Proposal 1 Aims to Reform Term Limits and Create Financial Disclosure
While the state waited for the Michigan Supreme Court to ultimately approve two ballot proposals, the high court already had cleared the way for a third Wednesday.
Proposal 1, is an initiative that will reform the term limit set up in Michigan and create a financial disclosure policy it never had.
They may not seem related but they are two topics voters will decide on as a package deal, term limits and financial disclosure for state officials.
“Interestingly enough, those two provisions are in the same section of the state constitution that applies to the legislation,” said Studley.
The term limits aspect gets the attention. Right now lawmakers can serve 14 years, six in the State House and eight in the Michigan Senate. This plan cuts it to 12 total.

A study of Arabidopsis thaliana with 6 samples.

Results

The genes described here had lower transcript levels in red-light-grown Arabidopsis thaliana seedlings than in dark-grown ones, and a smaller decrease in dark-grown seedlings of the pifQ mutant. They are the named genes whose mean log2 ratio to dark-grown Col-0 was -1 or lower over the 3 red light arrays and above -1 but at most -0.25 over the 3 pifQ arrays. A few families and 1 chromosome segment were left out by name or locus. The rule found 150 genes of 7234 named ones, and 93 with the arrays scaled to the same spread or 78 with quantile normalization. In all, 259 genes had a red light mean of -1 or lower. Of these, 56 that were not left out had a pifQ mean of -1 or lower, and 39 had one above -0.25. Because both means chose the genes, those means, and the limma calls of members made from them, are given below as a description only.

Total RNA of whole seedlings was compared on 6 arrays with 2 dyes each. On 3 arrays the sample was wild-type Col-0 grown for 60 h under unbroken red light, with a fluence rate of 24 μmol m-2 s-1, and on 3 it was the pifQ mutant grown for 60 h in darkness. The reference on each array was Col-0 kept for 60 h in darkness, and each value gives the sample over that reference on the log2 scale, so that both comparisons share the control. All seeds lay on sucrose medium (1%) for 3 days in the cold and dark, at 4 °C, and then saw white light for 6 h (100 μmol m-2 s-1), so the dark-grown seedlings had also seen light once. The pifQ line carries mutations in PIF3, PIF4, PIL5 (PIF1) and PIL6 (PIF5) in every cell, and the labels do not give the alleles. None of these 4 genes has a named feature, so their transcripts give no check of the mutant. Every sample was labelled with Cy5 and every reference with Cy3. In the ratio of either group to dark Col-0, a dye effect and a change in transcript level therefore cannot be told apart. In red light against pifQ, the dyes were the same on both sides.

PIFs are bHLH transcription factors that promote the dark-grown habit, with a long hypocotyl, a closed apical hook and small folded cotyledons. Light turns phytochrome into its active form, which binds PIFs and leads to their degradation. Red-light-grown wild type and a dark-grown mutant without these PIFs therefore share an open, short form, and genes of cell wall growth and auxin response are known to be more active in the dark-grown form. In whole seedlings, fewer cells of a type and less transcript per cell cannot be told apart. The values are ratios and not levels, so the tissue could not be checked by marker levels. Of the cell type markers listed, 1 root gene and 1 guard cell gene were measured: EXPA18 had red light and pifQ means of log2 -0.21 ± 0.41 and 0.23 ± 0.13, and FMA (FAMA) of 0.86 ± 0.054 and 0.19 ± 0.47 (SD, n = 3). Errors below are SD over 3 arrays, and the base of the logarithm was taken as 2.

“But it would give people the flexibility to serve all or part of that in either chamber,” said Studley.
This is expected to help slow the revolving door in state politics but avoid career politicians.
“We’re seeing a Speaker sometimes get elected in their last term,” said Studley, “By the time they learn how to be a good legislative leader, they’re out of office.”
The other side of the Prop is financial disclosure.
“Michigan is one of the two states in the country that has no public financial disclosure requirements,” said Studley, the other being Idaho.
This includes the Governor, Lieutenant Governor, Attorney General, Secretary of State and legislators.
“You’d have to report assets, liabilities, income sources, future employment agreements, gifts, travel reimbursement, any position held in organizations, except religious and social,” said Studley.
The idea is to boost transparency but opponents say this will discourage good potential lawmakers from running, to avoid giving up personal info.
“We’re confident that individuals seeking office will find it to be reasonable,” said Studley, “And groups that are involved in the legislative process will be able to recruit candidates to serve our state.”